One of the challenging things about parenting is that children often don’t or can’t tell their parents when they have a physical problem. This is true with sickness, and it’s also true with dental problems. A baby might cry if he’s in pain, but he won’t tell you that he has advanced tooth decay or that his teeth aren’t growing in right because he’s sucking his thumb. Believe it or not, thumbsucking does cause dental problems in some children.
Thumbsucking: the Uncomfortable Truth about This Comforting Habit
Most babies are comforted by suckling, whether that’s breast or bottle feeding, a pacifier, or their thumb. Suckling makes them feel secure and content and will often make them easier to put down for a nap or at bedtime. That’s why parents are quick to use a pacifier and happy enough to see them sucking their thumbs.
Before a child’s baby teeth come in, there’s no real harm from thumbsucking. However, when they do get teeth, the pressure from their thumbs or from a pacifier can cause tooth misalignment and even changes in the roof of their mouths. If they are not sucking too hard, but only holding a pacifier or their thumb gently in their mouth, the habit isn’t too destructive. Aggressive thumbsuckers are the ones who are most likely to see dental problems later.
How Long Do Children Suck Their Thumbs?
The good news is that most children do naturally grow out of a thumbsucking habit. Typically it’s between the ages of two and four years old, well before their permanent teeth erupt. A handy way of remembering the typical teething schedule is that kids get their first teeth beginning around 6 months and their first adult teeth beginning around 6 years of age. It varies, of course, from child to child, and there is a range of normal oral development.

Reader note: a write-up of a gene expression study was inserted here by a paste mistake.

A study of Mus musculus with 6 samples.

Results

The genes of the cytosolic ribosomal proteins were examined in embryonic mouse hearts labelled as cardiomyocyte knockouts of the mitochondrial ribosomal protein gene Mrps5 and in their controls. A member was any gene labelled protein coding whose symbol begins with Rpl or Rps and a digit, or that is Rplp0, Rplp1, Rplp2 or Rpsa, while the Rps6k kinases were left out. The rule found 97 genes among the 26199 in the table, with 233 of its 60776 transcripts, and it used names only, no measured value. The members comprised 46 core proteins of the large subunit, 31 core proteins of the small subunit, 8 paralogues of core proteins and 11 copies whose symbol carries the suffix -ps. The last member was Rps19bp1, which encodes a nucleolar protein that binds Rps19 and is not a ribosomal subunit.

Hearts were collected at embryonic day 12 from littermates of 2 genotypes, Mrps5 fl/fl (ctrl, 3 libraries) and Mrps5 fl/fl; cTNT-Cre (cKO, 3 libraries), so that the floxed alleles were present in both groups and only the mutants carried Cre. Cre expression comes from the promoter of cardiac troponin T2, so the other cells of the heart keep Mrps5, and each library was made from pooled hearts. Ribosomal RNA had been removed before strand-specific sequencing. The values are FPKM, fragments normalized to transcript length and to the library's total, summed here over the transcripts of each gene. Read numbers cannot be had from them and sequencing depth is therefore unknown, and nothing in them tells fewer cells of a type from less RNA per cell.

If your child sucks his thumb, there are ways to help him break the habit. The first is to remove any stressors that may trigger him to want to suck his thumb out of comfort. Removing the source of anxiety will help limit the behavior.
Talk to your child and encourage him to stop sucking his thumb. If you notice that he does stop, praise this behavior. If he’s old enough to respond to incentives, you can involve him in choosing the method of stopping and a reward for succeeding. You can also have your dentist talk to him about the reasons thumbsucking is bad for his teeth.
If your child has difficulty stopping, you can put a bandage on his thumb as a reminder. Your dentist or doctor may also prescribe something to coat the thumb and make it taste bitter without causing any health issues. Breaking a pacifier habit is often much easier than breaking a thumbsucking habit. A parent can take away a pacifier, but thumbs are attached and always ready to use.
If you are pregnant or have a young child, you should be as proactive as you can with their teeth. Begin brushing your child’s teeth as soon as their teeth erupt using a soft bristle toothbrush and a small dab of toothpaste. Schedule a dental checkup with your dentist within six months of the appearance of teeth. Your dentist can give you guidance and answer any questions you have about your child’s teeth and tooth formation.
If you notice changes in your child’s primary teeth for any reason or are concerned about your child’s thumbsucking, consult your dentist.